The beautiful painted ceiling has always tended to be neglected during hard times, only to be rediscovered later. The Parish Magazine entry in September 1928 makes this clear:

As the work on the interior of the Church proceeds we are beginning to realise that we have a ceiling worth looking at, and indeed it is the opinion of those who know, to be one of Mr Bodley’s masterpieces in decoration. Were it in Italy, it would be boomed by the guide-books as a fresco of great merit. It consists of 144 emblems of S Michael joined together by a regular floral design. Right along the chancel and nave on both sides, at the spring of the arch, is the following inscription painted in beautiful Old English lettering: – Stetit Angelus juxta aram templi habens thuribubum aureum in manu sua. Regem Archangelorum Dominum Venite adoramus, venite exultemus. Te splendor et virtus Patris Te vita Jesu cordium Ab ore qui pendent Tuo laudamus inter Angelos. Patri simulque Filio Tibique Sancte Spiritus sicut fuit sit jugiler cum angelis et archangelis cumque omni militia coelestibus exercitus nomen tuum laudamus et hymnum gloriae Tuae canimus sine fine dicentes Sanctus Sanctus Sanctus Dominus Deus Sabaoth saeculum per omni gloria. Amen.” … partly the Preface of Mass of St Michael and partly from various mediaeval rites.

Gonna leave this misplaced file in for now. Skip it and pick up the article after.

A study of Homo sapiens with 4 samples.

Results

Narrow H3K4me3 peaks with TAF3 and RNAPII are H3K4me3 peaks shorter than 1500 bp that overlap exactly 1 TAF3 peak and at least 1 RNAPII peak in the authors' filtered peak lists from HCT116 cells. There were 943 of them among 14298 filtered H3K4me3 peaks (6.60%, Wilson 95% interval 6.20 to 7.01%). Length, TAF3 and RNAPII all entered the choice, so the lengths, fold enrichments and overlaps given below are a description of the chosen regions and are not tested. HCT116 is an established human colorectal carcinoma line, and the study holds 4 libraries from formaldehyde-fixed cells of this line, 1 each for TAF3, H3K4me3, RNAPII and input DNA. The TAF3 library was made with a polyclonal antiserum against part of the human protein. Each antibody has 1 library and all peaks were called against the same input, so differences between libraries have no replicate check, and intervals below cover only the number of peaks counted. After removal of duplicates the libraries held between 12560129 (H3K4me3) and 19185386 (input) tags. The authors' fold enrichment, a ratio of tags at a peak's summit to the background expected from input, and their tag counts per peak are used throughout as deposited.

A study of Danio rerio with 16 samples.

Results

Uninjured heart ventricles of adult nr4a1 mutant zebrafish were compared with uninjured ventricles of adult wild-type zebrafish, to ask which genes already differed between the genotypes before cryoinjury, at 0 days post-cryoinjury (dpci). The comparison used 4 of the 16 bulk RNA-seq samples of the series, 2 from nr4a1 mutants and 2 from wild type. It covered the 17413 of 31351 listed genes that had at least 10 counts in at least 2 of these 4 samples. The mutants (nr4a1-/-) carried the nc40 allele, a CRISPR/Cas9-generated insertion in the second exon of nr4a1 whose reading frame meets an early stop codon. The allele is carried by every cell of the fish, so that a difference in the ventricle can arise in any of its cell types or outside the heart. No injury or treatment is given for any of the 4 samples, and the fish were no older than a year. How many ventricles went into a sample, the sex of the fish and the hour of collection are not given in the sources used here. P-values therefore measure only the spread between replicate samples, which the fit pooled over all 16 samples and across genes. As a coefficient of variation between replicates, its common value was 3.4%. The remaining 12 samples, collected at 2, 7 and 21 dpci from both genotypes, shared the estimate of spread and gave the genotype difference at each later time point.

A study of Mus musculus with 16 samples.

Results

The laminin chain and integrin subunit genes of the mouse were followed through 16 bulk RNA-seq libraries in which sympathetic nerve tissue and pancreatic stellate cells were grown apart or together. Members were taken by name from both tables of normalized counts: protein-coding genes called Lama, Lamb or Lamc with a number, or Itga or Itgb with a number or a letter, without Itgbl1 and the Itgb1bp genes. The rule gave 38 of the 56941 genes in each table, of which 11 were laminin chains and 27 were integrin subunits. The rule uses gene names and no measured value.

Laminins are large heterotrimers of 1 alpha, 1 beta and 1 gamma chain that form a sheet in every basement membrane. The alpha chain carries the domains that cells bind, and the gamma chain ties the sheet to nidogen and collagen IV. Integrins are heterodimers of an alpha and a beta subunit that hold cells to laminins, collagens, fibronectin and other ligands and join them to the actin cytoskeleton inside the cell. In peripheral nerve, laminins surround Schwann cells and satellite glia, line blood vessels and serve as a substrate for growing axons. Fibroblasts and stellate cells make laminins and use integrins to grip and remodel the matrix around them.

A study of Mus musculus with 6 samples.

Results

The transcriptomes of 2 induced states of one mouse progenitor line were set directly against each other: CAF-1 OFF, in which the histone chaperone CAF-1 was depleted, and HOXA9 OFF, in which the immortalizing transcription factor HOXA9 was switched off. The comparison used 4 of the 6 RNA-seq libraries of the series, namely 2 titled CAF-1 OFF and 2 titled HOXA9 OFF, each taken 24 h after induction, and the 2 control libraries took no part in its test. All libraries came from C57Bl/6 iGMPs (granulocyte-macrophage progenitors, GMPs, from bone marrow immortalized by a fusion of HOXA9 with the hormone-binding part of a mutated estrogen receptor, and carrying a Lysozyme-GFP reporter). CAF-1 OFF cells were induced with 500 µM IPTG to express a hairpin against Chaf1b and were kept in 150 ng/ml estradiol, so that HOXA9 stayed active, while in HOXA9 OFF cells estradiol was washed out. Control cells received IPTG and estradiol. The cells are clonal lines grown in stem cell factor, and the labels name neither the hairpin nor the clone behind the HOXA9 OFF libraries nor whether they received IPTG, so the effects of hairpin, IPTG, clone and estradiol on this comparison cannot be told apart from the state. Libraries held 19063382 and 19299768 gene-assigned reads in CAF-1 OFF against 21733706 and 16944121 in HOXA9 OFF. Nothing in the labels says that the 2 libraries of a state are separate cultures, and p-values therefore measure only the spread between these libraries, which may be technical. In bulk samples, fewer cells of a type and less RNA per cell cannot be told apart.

The first history of St Michael’s, In the Beginning, includes a translation of this Latin text, as follows:

In the Chancel, the words are taken from the Preface in the Communion Service:

“With Angels and Archangels and with all the company of heaven we laud and magnify Thy Glorious Name, evermore praising Thee and saying, Holy, Holy, Holy, Lord God of Hosts.”

In the Nave are two verses from the old Office hymn for St Michael’s Festival, followed by the antiphon, the translation being as follows:

“Thee, of the Brightness and the Might
Of the Father, Thee we sing,
Jesu, of our hearts the Life,
On Whose lips the Angels cling.
To the Father and the Son,
And, O Holy Ghost, to Thee,
As it was, so let it run
Glory through eternity.

An Angel stood at the Altar of the Temple,
Holding a golden censer in his hand (Rev. viii:3)
O come let us adore the Lord, the King of Archangels.
O come let us rejoice.”

At present, the paint is peeling especially from the lettering, but the ceiling as a whole still reflects the beauty spoken of in 1928.